So, the Medicare Enrollment Period is near. If you’re new to Medicare, pay attention, because this is information you should know.

Last (week/time) we went over Medicare’s Part A. If you missed it, please go back and read, because it will make today’s post easier to understand. Whereas Medicare Part A covers beneficiaries during medically necessary hospital and nursing facility care, Medicare Part B was created for times like your routine doctor’s office visit.

The same 10 years, of social security contributions for eligibility that apply to Part A also apply to Part B. But, the bad news is you will probably have to pay a monthly premium for it.

Unless you are still working and covered by your employers health plan, you need to elect coverage with Medicare and start paying any applicable premium before you turn 65. "You better be there, or be square," because if you're late, for his date, you're not going to skate…. In fact, you may have to pay a late enrollment penalty. That is unless you have comparable coverage through your employer. So, knowing when to sign up is important!

Again, for those not already collecting social security, you must enroll to begin receiving coverage. To make it easy we are providing the following chart:
Medicare Part B

So what does Part B Cover?

Basically, Part B is for physician services. Or generally, anything that doesn't include a hospital admission is going to fall under "Part B". Part B also has a separate deductible and co insurance from Part A hospital services.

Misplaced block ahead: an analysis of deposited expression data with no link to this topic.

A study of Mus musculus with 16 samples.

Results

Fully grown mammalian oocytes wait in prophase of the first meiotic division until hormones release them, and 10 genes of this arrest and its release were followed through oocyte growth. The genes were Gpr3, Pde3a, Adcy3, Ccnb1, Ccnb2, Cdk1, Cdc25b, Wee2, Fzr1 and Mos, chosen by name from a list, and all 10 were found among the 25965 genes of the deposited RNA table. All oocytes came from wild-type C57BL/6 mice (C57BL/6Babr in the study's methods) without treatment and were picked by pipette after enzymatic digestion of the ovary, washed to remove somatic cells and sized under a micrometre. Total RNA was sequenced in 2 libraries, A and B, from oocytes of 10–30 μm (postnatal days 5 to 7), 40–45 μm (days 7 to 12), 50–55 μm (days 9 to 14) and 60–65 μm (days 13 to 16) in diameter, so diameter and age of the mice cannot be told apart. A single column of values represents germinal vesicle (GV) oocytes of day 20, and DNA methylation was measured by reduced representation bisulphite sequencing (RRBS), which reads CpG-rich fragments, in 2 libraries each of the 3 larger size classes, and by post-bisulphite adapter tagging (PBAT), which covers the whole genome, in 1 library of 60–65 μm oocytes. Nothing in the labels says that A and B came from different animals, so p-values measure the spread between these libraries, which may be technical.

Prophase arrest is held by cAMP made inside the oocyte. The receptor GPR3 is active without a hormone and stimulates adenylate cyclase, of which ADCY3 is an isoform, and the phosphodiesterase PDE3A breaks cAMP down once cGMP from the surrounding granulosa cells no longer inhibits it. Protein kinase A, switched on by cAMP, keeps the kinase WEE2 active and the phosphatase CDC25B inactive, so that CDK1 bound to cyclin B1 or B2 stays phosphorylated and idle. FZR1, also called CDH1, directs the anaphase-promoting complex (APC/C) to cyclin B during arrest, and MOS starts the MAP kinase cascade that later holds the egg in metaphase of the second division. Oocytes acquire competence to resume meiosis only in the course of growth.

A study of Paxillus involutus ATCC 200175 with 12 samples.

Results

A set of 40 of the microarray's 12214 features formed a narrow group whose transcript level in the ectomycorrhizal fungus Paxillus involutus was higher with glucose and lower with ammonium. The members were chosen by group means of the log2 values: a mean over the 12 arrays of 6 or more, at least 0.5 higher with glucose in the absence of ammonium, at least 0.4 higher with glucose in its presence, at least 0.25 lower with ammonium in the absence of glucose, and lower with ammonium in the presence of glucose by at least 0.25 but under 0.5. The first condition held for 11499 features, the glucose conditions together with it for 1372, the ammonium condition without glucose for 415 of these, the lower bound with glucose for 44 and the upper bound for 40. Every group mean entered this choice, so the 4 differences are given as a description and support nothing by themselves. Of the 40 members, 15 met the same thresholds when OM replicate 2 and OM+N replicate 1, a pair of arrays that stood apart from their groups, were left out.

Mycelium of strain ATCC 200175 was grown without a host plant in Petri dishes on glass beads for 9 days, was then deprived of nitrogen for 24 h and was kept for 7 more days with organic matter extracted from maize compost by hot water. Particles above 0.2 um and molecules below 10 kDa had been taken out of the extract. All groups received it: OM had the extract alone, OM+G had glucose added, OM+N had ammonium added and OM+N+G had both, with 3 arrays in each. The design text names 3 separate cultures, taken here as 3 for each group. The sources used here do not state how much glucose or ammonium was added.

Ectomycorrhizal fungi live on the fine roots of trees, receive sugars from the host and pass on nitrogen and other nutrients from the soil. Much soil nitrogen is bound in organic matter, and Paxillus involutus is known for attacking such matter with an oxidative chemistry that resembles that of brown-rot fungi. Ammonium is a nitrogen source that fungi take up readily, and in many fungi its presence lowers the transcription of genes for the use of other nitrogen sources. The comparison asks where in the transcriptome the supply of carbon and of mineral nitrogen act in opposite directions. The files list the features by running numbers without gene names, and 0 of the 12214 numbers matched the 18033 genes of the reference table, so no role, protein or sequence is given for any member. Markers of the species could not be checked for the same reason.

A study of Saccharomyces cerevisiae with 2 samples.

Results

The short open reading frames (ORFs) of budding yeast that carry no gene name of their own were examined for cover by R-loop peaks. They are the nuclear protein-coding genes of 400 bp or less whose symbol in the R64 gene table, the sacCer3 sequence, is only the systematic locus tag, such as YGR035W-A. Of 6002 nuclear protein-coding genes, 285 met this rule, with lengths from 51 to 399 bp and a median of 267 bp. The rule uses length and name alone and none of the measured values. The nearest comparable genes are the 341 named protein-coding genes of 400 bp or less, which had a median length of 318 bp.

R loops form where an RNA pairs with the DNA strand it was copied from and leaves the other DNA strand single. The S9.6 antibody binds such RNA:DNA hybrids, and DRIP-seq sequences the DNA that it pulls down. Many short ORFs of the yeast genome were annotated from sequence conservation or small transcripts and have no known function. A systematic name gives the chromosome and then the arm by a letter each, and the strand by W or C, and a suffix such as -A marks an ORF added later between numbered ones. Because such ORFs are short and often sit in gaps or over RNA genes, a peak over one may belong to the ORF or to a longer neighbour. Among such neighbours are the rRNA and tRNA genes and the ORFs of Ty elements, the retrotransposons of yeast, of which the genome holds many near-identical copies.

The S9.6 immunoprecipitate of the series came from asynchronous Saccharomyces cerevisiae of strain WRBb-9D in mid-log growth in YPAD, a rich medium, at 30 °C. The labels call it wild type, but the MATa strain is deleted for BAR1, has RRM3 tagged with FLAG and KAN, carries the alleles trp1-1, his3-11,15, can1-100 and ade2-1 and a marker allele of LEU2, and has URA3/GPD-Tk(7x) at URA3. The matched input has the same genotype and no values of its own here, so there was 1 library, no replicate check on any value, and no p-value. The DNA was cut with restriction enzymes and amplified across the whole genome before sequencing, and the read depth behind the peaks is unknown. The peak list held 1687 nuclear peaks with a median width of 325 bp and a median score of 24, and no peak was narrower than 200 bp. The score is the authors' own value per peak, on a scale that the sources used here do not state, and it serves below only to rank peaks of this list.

Right now, if you have Medicare only, you would have to pay the first $147 of physician services, doctor visits, chiropractor, specialists, outpatient hospitalization (i.e. this means you went in for a procedure but could go home afterwards without actually being admitted), and 20% of the Medicare allowable charge. So even though you paid for Medicare through your social security contributions, you will probably still have some health care expenses. Unless you qualify for social security assistance, full Medicaid etc. and you are new to Medicare, you are most likely going to have to fork over $104.00 or more per month for your Part B Premium.
Gaps in Medicare

But that’s not the bad news. To be fully covered many people new to Medicare acquire additional coverage to cover the gaps in Medicare (Part A or hospital co-insurance $1,184 per admission, Physician or Part B deductible $147 annually and 20% of Medicare allowable charge).

Medigap Policy

One solution is to go out and purchase what's called a Medigap Policy, (For obvious reasons. Get it? It covers the gaps in Medicare). Generally, with this type of coverage you have the "freedom" to go directly to specialists without a referral from another doctor or the health plan. But they do add a significant expense in the form of a plan premium.

Plans are standardized so each insurance company offers the same exact benefits by plan letter. The variables to consider are premiums charged and the how they implement administrative services, you know, things like customer service.
Medigap Benefits

Medicare Part C

In our next post on the A-B-Cs of Medicare, we’ll talk about Medicare Part C, commonly referred to as Medicare Advantage.